The FMLA rules for employee notices are not as stringent as those for the employer, but employees are required to give their employers reasonable notices related to their leave. When substituting paid leave, employees may be required to follow the employer’s usual and customary notice and procedural policies for that type of paid leave.
When the need for leave is foreseeable, the employee must provide at least 30 days advance notice before the FMLA leave is to begin. If 30 days notice is not practicable, notice must be given as soon as practicable (meaning both possible and practical based on the individual circumstances). If the employee fails to give the required 30 day notice, upon request by the employer the employee must explain why giving this notice was not practicable.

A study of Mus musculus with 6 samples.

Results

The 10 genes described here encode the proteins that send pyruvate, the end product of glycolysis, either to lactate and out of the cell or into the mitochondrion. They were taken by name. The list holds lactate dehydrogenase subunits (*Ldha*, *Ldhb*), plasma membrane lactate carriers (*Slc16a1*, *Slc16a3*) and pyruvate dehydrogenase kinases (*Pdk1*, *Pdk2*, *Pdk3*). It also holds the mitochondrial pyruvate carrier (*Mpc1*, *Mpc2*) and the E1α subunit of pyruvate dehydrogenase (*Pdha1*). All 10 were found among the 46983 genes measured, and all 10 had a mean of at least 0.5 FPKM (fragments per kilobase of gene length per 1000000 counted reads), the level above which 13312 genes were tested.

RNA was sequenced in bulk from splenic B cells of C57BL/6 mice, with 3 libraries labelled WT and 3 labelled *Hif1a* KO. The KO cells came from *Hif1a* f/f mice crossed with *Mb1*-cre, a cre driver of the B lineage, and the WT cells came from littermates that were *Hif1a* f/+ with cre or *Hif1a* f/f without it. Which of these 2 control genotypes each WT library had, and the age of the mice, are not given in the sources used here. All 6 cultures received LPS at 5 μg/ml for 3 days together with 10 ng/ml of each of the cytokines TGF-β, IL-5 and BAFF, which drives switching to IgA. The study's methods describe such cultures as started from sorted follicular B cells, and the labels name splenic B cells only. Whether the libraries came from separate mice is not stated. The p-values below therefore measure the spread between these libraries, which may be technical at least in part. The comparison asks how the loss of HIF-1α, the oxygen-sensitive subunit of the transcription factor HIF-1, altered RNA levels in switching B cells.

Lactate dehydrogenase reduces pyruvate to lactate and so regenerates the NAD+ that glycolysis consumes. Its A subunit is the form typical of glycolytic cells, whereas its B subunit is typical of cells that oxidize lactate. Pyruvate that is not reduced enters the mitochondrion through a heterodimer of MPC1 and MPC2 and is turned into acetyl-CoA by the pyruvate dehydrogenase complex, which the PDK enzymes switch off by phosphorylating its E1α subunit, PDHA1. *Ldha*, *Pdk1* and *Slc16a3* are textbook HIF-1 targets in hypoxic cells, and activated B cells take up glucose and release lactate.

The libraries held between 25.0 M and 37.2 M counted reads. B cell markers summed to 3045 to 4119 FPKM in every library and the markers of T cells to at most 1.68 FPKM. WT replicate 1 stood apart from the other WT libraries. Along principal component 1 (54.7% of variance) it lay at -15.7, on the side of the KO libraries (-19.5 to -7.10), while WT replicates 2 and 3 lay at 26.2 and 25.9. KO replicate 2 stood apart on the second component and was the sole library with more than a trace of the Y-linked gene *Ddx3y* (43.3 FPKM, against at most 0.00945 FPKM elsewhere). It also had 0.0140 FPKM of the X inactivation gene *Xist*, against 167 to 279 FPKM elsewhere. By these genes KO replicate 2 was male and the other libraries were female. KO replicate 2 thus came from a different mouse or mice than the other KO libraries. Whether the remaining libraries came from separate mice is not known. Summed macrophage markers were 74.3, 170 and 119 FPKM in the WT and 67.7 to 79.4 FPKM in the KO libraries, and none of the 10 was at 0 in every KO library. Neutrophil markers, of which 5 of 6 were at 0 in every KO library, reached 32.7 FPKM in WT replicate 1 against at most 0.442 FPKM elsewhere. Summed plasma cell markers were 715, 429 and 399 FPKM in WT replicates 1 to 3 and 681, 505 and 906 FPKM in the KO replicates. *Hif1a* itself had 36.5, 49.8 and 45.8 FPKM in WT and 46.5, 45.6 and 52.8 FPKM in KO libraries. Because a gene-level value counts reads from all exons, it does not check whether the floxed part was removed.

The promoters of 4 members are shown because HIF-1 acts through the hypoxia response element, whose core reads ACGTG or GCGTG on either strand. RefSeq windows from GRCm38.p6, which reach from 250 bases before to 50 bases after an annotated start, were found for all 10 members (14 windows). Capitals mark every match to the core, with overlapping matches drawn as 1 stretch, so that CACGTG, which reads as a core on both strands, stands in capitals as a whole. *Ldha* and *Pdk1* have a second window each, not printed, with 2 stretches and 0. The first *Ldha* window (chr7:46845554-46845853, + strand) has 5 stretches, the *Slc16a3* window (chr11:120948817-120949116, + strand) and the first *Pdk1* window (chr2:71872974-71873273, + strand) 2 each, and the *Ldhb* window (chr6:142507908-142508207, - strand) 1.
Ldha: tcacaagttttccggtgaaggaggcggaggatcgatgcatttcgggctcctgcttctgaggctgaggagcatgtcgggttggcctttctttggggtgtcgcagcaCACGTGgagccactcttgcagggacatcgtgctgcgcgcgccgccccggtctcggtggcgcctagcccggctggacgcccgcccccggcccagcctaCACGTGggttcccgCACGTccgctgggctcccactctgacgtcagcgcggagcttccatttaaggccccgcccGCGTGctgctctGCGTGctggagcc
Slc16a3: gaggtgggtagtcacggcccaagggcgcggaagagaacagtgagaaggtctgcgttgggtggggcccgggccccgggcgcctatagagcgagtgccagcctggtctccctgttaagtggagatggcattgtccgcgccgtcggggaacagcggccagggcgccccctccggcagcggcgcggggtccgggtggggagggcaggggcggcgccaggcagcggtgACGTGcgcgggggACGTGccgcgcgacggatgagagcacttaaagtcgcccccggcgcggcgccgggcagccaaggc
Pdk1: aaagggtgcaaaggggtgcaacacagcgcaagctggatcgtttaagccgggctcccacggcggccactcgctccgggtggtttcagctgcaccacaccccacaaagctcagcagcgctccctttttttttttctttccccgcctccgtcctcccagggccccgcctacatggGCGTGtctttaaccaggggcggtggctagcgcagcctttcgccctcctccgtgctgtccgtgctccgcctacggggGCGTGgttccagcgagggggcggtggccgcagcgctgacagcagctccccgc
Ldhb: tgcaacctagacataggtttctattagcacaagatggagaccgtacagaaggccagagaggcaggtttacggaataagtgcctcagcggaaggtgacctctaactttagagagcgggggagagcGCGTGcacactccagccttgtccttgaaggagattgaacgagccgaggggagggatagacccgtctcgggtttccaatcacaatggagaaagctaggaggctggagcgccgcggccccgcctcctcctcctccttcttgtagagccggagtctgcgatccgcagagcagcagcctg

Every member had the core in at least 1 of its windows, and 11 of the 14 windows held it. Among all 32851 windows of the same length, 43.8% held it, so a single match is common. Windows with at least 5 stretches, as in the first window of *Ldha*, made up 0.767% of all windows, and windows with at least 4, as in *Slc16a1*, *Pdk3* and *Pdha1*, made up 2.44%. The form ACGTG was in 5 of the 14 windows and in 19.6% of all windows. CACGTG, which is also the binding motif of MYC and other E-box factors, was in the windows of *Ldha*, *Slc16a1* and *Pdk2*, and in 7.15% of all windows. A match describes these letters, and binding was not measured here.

The notice may be verbal. It must be sufficient to make the employer aware that the employee needs FMLA-qualifying leave, and the anticipated timing and duration of the leave.
The first time an employee requests leave for an FMLA-qualifying reason the employee need not assert rights under the FMLA or even mention the FMLA. Subsequent requests for leave for the same reason must specifically reference the qualifying reason or the need for FMLA leave.
If the employee fails to give notice as required by the FMLA without reasonable excuse the employee’s leave may be delayed, but only if it is clear that the employee had actual notice of the FMLA notice requirements. This condition may be satisfied by proper posting of the general notice and distribution of the general notice either in an employee handbook or other written distribution.